Facebook commerce, an opportunity for retailers?

Today, everything is social – including ecommerce. From Nike’s custom sneakers and Burberry’s custom trench coats, to ModCloth’s ‘Be The Buyer intiative.

Social Media allows you to shorten the distance between your brand and your potential customers, gives you visibility, helps you to build a great brand image and reputation, and is the best place to demonstrate that you care about your clients.

Greg Stallkamp, founder and CEO, Lakeshore Express (@LakeshoreExpress) says that “while the overwhelming majority of our sales are conducted via ecommerce (at least 95%), what is even more surprising is that the main driver of our sales is from Facebook, LinkedIn and Twitter.”

“It’s a matter of time—within the next five or so years—before more business will be done on Facebook than Amazon” Sumeet Jain, Principal, CMEA Capital

“In three to five years, 10 percent to 15 percent of total consumer spending in developed countries may go through sites such as Facebook” Mike Fauscette, Analyst, IDC Consulting

How can brands take advantage of this? The answer is social commerce.

In a survey, people said that the most common reason to follow brands on Facebook was shopping (38%) and to be notified of special offers (70%).

Another survey has also revealed the social networks that consumers use to share products. 63% said Facebook, 25% Twitter and 22% Pinterest.

The research also said that less than one in five people had left negative feedback on company Facebook pages, and that 90% of all purchases are accredited to social media influence, making social commerce a worthy pursuit for any business looking to strengthen its online marketing plan.

But the most shocking data is that by 2014, Forrester Research is predicting 15 Billion Revenue in Social Commerce

The social effect

Social commerce mimics how things work in the offline world, for example, the way we go shopping with friends at physical outlets. You’re much more likely to buy something if a friend approves. social effect of Facebook makes it an alluring target for online retailers.

There is a 4x probability of users conducting transactions inside Facebook, when referred by a friend. (source)

Converting fans into customers is easier than acquiring a new audience who have no brand influence. After all it takes a long time for a brand to create, nurture and build a community on its fan page. Peer to peer sharing and recommendations are also one of the key driving factors behind Fcommerce.

A customer who has been on your social media fan page is 10 times more likely to buy a product than one who has not. Furthermore, they are also likely to buy more than another customer. (source)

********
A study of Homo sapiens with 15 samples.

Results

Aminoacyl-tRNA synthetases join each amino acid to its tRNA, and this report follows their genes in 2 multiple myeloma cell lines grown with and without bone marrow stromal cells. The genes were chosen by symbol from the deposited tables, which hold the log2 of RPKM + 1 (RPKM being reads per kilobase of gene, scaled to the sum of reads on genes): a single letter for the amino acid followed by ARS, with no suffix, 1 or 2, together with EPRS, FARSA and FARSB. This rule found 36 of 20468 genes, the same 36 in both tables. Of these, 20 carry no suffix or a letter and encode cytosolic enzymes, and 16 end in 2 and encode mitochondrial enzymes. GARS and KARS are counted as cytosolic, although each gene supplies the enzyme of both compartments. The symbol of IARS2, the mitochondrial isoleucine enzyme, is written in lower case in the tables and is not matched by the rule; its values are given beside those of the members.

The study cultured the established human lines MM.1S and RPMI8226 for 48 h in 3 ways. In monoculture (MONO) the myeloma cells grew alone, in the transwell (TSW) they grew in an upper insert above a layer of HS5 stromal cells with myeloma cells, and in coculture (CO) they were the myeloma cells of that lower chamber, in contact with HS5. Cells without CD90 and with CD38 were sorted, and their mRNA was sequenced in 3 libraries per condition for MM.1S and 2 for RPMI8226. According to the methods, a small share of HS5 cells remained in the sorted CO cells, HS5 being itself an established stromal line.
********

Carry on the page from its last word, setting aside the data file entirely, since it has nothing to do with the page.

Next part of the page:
Using just Facebook alone as a social commerce platform, many businesses have seen a major boost in their online presence, generating more sales and brand awareness than ever before.

Is Fcommerce a good channel for brands?

Facebook commerce should be seen as part of a wider strategy, for brands who have a large following on the social network.

It fits in like this: ecommerce, mcommerce, fcommerce.

Facebook Commerce

Also, some research has found that redirecting your Facebook fans to your external site is risky, and can result in drop-off rates as high as 90%.

So, if you have a fcommerce store you can keep your fans right on your Facebook page allowing them to browse and buy without ever leaving.

You also have the option to use Promoted Posts and Ads to drive traffic to your fcommerce store or app, which can drive better results in your sales.

You can customize your app with promotions and sales in the home page and promote them on Facebook.

By giving your target audience the choice of visiting your social commerce store you make it easier for them to seek the opinions of their friends. It also makes shopping more effective for the customer and for the business.

A reality check?

Fcommerce is not a big driver of sales for most fashion retailers, as Econsultancy point out in this article. However, it shouldn’t be written off yet, as some brands do seem to be making a success of it, and as the statistics in this article show, there’s definitely an audience there.

Here are some examples of how brands are using it:

• Ghiradelli Chocolate Facebook Store
This is one of the best examples we have found. You can complete your purchase inside facebook without doing any re-direct.

Ghirardelli Chocolate Facebook Store

• Easy Social Shop gives you the possibility to integrate your website inside Facebook
We like it because you it’s easy to set up and share your products. It is the best one for a user experience social sharing perspective.

EasySocialShop Facebook Store

• Fred Perry Facebook Store
A clean and user-friendly store gives you the opportunity to see and share their products. However, if you want to finish your purchase they redirect you to the desktop site.

Fred Perry Facebook Store

This post was written by our marketing assistant, Sara Navarro Medina. Find her on Twitter here.